Our traditional family trip to Cornwall’s Blackrock beach reminded me why I love the pared back simplicity of the UK coast in winter.
The hustle and bustle of the summer makes way for wild waves and endless space. Who needs crowds and queues when you have the sand to yourself and a lungful of fresh, salty air?
We’ve been going to Blackrock beach for so long now I don’t remember when it started. Every year around thirty of us gather on a windswept beach to catch up, share memories and good times. Parents, siblings, cousins, grandparents.
At low tide when the cold clear atlantic water retreats, the rock pools stretch out into the distance and it’s possible to climb the large outcrop that gives the beach its name. At high tide the giant rock becomes stranded, an island of its own.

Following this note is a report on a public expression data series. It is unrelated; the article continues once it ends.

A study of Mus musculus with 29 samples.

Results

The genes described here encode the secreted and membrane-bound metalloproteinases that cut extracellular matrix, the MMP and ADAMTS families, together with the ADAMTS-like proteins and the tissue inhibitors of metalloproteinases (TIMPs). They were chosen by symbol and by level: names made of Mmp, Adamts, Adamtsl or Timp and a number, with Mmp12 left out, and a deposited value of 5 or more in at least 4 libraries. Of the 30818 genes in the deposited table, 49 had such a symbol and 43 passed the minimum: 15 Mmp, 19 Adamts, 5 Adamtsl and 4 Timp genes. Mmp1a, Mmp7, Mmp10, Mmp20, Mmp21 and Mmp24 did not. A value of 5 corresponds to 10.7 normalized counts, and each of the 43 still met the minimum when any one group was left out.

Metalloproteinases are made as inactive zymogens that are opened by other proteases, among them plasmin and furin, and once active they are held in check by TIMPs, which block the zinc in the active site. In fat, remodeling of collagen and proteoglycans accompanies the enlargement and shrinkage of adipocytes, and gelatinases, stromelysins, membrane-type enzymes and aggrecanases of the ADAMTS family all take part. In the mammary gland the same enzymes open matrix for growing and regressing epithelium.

Just south of Widemouth Bay, Blackrock is ruggedly beautiful. The South West Coastal Path, England’s longest waymarked long-distance footpath, runs overhead.
It’s become a special spot for us. From the oldest to the youngest, everyone in our family comes together to reconnect by the sea. It was the last place my Nan visited with us after starting the tradition many years before. This time round, a brand new member of our family made her first trip to the wild Cornish shore.
Our pictures tell the story of each visit. Young ones giggling at the front, older ones giggling at the back and everyone absolutely bloody freezing.
It’s perspective, a reminder to slow down and mark time at the turn of the year. Where land and sea meet, for endings and new beginnings.